Student Visit to Riddy Wood

Students from Reaseheath College’s Game Management course have been in Riddy Wood this week carrying out a range of jobs and tasks which have not only been a great help to the project but have helped them gather the data they need for their next deer management assignment.

One of the things the students do as part of their ‘Introduction to Deer Management’ studies is to assess the population of deer in a given area and write a management plan accordingly. While they were in Riddy Wood they were able to observe the damage done by deer to coppice woodland;

A hazel stool coppiced one year ago which has not been protected from browsing by deer and other pests. 






These observations gave them a very rough idea of the density of the deer population in the area and helps them set suitable objectives in their deer management plan. They were also able to take part in some of the coppicing and learn how to protect coppiced hazel and ash stools from browsing by deer, hares and rabbits by ‘brashing’ over with hawthorn and blackthorn branches.

A hazel stool coppiced at the same time as the one in the picture above but which has been protected by a screen of hawthorn brash, this one has produced stems of over seven feet in height in one year. 

They also managed to erect a high seat and clear a vantage point to help with the culling of deer around Riddy Wood.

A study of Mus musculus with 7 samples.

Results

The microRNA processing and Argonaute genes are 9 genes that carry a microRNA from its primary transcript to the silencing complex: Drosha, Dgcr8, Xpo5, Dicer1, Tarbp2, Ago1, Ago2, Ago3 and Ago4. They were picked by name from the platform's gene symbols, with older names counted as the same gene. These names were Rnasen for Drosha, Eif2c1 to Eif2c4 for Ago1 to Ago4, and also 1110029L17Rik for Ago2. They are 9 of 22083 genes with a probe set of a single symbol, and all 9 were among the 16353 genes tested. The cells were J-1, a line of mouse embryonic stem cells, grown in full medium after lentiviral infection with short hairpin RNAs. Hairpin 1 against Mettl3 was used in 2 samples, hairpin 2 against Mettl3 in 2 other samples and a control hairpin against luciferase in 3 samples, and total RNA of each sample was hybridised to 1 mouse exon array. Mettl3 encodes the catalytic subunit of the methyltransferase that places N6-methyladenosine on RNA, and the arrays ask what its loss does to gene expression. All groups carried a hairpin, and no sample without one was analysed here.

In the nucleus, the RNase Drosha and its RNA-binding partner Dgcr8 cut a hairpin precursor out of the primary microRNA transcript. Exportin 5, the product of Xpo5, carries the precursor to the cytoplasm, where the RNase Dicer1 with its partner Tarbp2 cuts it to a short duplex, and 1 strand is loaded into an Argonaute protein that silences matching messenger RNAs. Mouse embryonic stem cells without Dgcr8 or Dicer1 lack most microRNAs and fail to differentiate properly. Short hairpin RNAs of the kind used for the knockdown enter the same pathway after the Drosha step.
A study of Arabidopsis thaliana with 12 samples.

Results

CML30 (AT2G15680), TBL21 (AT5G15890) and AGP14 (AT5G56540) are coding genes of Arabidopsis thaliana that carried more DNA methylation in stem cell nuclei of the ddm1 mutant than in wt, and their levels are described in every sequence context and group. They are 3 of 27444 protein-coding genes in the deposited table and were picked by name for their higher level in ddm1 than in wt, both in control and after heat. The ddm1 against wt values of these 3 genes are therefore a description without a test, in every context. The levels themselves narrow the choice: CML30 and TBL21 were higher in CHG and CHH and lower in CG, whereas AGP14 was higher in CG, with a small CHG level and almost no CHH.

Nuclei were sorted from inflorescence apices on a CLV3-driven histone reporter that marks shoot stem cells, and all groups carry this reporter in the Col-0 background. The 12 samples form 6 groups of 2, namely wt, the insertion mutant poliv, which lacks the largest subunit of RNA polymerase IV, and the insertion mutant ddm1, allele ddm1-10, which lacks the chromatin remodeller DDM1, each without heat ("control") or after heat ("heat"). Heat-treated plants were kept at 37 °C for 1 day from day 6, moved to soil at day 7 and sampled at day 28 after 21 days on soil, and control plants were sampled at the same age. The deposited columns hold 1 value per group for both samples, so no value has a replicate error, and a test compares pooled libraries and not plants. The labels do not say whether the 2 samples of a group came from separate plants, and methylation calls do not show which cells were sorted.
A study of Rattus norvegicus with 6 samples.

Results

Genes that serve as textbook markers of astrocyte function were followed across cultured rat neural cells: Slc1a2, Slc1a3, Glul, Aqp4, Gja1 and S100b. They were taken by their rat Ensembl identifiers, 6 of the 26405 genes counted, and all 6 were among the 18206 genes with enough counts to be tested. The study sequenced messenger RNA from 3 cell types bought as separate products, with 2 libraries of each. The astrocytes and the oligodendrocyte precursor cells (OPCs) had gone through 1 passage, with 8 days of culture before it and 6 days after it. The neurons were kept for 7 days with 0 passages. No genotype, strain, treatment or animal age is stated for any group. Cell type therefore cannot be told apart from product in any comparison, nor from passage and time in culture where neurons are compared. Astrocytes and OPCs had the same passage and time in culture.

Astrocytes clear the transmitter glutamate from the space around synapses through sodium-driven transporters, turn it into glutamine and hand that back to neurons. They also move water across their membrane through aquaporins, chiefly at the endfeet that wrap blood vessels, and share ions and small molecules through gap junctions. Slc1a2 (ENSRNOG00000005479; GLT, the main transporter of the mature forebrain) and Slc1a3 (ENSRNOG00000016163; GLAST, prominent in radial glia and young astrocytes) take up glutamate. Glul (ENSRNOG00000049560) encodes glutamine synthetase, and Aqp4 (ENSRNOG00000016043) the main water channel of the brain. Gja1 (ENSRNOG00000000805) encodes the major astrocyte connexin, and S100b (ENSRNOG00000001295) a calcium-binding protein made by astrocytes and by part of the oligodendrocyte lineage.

One of the banes of the woodland manager is the introduced grey squirrel which will strip bark from twigs and branches to line their dreys and even ring bark trees. Not only that buy grey squirrels also aggressively predate birds nests and are responsible for the theft of eggs and chicks from nesting birds. The students were able to do some ‘drey poking’ whereby the dreys of the hibernating squirrels are poked or shaken to bring down the squirrels and the squirrels are then shot.

Grey Squirrel Drey
A Squirrel Drey
By Rosser1954 (Own work) [CC BY-SA 3.0 (http://creativecommons.org/licenses/by-sa/3.0)], via Wikimedia Commons

Students after a successful squirrel hunt, can you see the Chinese Water deer hanging in the background ready for dinner?

As a group they were able to answer for five squirrels over the course of their two days in the woods.
While they were staying in Riddy Wood they were able to see Chinese Water Deer and Reeves Muntjac and we also managed to record footage of a range of wildlife moving around within feet of their camp site on a trail camera. Among them this stoat which gradually moved his rabbit pray from one woodpile to another over the course of a day and which may well be the same stoat who’s half-finished meal of woodpecker Richard found the other week.

video


Richard will be sharing more videos of the deer and other wildlife that he has filmed in Riddy Wood recently before too long. Check out his youtube channel for some excellent wildlife videos. 

The student also found a deer skull and despite the fact that it had obviously been laying in the woods for a long time they were able to identify it's species approximate age and sex, see if you can too;









One of the very first posts on the Bushcraft Education blog was about ageing deer from their teeth and if you want some clues check out that post here.

First correct answer giving species, sex and age (juvenile, young adult or old) in the comments wins a bow drill set.